Waymo, Google's self-driving unit, has filed a patent describing a system to prevent motion sickness in its vehicles.
According to the application filed with the United States Patent and Trademark Office, its technology will strategically choose routes based on "ease of transit," discovering paths offering the least likelihood of vomiting passengers, with separate mechanisms to prevent sudden "stop and go."
Some features include notifications on which seat to choose, along with a push notification system advising passengers to stop reading or fix their gaze elsewhere. Rides would move between relaxed and rough based on how soon passengers want to arrive at their destinations, with rougher trips for deadline beaters.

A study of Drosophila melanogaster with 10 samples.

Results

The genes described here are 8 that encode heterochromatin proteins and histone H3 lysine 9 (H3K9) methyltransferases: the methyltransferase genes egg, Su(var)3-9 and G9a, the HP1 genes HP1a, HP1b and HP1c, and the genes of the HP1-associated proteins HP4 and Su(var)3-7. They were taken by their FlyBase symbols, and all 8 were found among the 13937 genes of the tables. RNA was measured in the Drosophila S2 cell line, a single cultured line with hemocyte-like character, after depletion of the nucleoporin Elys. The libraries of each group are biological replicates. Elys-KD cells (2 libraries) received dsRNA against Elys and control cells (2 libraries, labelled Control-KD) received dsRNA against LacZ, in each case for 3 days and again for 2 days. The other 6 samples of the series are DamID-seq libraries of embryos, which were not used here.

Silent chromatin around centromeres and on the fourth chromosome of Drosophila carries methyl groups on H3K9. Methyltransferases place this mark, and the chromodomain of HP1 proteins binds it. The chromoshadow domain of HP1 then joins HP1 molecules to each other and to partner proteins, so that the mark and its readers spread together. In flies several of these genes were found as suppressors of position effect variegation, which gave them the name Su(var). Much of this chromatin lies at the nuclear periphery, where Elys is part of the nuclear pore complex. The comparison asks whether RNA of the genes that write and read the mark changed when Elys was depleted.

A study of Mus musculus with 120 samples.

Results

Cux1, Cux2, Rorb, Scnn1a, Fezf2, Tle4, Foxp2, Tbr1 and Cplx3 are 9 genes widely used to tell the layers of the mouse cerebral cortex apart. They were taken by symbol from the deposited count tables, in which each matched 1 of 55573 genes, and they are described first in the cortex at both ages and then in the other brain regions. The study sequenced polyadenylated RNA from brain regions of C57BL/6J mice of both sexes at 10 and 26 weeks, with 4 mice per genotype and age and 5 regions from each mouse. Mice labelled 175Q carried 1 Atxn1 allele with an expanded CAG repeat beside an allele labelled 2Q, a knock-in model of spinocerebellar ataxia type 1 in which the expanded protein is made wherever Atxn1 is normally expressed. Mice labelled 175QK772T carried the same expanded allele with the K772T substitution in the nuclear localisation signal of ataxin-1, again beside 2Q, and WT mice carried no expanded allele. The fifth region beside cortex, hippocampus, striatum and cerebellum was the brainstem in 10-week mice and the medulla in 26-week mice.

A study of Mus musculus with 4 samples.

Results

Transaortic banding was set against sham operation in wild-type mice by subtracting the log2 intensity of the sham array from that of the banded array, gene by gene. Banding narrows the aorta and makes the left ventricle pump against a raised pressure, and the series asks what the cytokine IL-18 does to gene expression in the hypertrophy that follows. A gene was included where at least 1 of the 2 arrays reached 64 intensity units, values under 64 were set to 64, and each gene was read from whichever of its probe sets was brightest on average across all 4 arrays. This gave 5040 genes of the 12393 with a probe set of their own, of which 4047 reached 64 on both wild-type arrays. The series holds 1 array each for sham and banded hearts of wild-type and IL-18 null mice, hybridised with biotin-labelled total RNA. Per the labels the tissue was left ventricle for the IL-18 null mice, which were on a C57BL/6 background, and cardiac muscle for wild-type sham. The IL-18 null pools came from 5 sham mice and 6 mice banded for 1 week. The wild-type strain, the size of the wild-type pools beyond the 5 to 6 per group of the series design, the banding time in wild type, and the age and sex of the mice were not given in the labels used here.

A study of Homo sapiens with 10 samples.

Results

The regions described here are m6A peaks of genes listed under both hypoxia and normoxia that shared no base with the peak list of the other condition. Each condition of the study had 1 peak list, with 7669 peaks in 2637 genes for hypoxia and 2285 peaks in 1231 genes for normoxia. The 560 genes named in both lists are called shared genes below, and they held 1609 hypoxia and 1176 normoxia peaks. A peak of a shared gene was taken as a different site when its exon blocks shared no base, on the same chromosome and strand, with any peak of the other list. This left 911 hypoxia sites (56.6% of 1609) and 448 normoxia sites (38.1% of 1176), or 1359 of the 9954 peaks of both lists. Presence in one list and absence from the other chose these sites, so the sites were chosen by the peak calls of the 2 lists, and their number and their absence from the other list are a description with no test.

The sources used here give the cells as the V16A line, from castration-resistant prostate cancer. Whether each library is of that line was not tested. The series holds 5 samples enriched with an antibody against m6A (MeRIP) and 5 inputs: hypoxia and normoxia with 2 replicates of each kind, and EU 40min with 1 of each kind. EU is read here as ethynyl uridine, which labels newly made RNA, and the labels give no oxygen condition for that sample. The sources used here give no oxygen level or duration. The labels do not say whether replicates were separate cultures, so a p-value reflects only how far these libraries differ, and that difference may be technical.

No word on the timetable for the patent to become finalized.
Waymo has been on a tear lately. As of this writing, it has accrued more than 5-million self-driven miles on public roads, testing in 25 cities, with Atlanta announced earlier this year. It also completed 2.7-million miles of "simulated" self-driving to cover thousands of unique driving scenarios not easily replicable in a real-world environment.
Currently, its fleet is circling Phoenix, Ariz. in an 'early rider program,' using a select group of area residents hailing rides using a smartphone app.
Last week, it also released a 360° video titled 'Waymo 360° Experience: A Fully Self-Driving Journey' which offers an immersive look into how the technology works from the perspective of a passenger sitting in the rear seat of one of its self-driving Chrysler Pacifica minivans.
Look for Waymo to launch its ride-hailing service by the end of 2018.